ATO clamps down on self-managed super funds in bid to stamp out tax avoidance

The Australian Taxation Office plans to clamp down on self-managed super fund trustees who move their assets around before selling them to avoid capital gains tax.

In a draft ruling issued last week, and open for public comment until September 4, the ATO said that from July 2014, SMSF trustees will have to obtain an actuarial certificate to claim the pension income-tax exemption, or entirely segregate their SMSF fund assets into those that are in the accumulation phase and those that bear liability for their current pension.

Failure to do so could result in the ATO pursuing them under tax avoidance provisions.

Currently, SMSF assets used to pay out pensions are tax-exempt, whereas assets that don’t currently have any pension liability still incur capital gains tax.

The ATO also flagged its concern about trustees moving assets from the accumulation to the pension stage before selling them to avoid capital gains tax.

“If an asset is purported to be segregated [i.e. claimed to be in the pension phase and thus tax-exempt] shortly before disposal, and then disposed of in circumstances where a capital gain is claimed to be exempt income, it will be a question of…whether it was invested or otherwise being dealt with for the sole purpose of enabling the fund to discharge liabilities in respect of superannuation income stream benefits,” the ATO’s draft ruling stated.

The ruling will have broad implications, as most self-managed super funds both distribute pensions and accumulate superannuation, AMP SMSF head of policy and technical Peter Burgess told SmartCompany. This can be for multiple members or for the same member if they are still working past the age where they get access to their super.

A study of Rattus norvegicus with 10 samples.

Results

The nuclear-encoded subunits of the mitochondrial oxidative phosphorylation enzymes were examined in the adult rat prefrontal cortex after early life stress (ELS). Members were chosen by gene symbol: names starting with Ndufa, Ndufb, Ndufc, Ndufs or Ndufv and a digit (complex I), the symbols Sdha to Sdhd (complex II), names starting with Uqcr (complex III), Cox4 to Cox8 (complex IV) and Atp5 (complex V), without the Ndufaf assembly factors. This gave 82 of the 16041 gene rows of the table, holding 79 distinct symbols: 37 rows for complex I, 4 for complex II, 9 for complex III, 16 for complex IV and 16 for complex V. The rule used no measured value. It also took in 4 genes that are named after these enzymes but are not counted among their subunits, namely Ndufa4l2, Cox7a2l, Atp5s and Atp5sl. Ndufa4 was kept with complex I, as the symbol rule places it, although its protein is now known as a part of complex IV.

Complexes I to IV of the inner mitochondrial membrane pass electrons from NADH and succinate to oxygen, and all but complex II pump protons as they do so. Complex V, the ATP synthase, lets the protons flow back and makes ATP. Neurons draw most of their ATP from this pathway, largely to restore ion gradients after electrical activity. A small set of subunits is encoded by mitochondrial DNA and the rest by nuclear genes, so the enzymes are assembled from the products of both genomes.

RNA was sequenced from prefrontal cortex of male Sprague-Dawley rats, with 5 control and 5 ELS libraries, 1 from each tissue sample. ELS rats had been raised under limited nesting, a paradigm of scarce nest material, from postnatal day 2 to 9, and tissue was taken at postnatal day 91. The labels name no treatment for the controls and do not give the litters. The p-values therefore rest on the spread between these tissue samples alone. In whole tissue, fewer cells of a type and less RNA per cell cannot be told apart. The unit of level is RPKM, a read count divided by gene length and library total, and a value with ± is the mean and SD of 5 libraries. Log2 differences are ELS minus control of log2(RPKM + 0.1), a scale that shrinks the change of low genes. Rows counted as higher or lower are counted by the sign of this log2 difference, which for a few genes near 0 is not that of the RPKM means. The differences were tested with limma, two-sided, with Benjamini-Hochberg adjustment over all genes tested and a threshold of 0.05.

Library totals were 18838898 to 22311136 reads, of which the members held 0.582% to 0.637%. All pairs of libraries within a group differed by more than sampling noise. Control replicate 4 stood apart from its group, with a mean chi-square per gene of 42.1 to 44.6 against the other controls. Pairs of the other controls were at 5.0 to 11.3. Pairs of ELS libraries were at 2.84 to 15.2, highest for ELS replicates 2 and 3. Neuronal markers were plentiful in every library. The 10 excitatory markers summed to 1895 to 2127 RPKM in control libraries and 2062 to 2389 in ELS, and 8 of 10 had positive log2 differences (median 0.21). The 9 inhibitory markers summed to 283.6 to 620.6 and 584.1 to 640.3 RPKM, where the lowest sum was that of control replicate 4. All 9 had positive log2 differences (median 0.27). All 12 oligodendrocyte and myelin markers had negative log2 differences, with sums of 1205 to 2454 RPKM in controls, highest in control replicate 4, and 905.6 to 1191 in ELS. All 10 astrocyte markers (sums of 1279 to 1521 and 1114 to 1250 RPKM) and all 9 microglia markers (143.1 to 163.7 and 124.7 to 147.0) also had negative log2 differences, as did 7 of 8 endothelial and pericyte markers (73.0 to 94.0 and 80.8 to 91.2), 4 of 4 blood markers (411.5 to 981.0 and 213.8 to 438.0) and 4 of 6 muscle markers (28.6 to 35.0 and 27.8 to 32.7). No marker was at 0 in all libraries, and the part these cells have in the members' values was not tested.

“What the ATO talked about is if you want your fund to be treated as a segregated fund, you have to ensure that your assets are entirely segregated,” he says.

“They used examples where you could have a property within a self-managed super fund and say a certain proportion of that property is tax-exempt as it’s in the pension stage and the rest is within the accumulation stage, and try to treat the fund as segregated.

“The ATO says they don’t think that suffices. You need to make sure that if it’s a property, it either sits entirely within the pension pool, or you treat it as an unsegregated fund, in which case you need an actuarial certificate to determine which parts are tax exempt and which parts are not. None of this business where you say it’s segregated when it’s not to avoid the cost of an actuarial certificate.”

The ATO is obviously also concerned about individuals wanting to use the tax-free provisions surrounding pension assets to avoid capital gains tax, Burgess says, “which they would do by transferring an asset from the accumulation part of the portfolio to the pension part and then selling it shortly after”.

However, Burgess said the ATO did not define what “shortly after” meant, and so it remains unclear how long an asset must be held so as to not flag alarm bells with the taxman.

Aside from property, other assets likely to be affected by the change are things like joint bank accounts.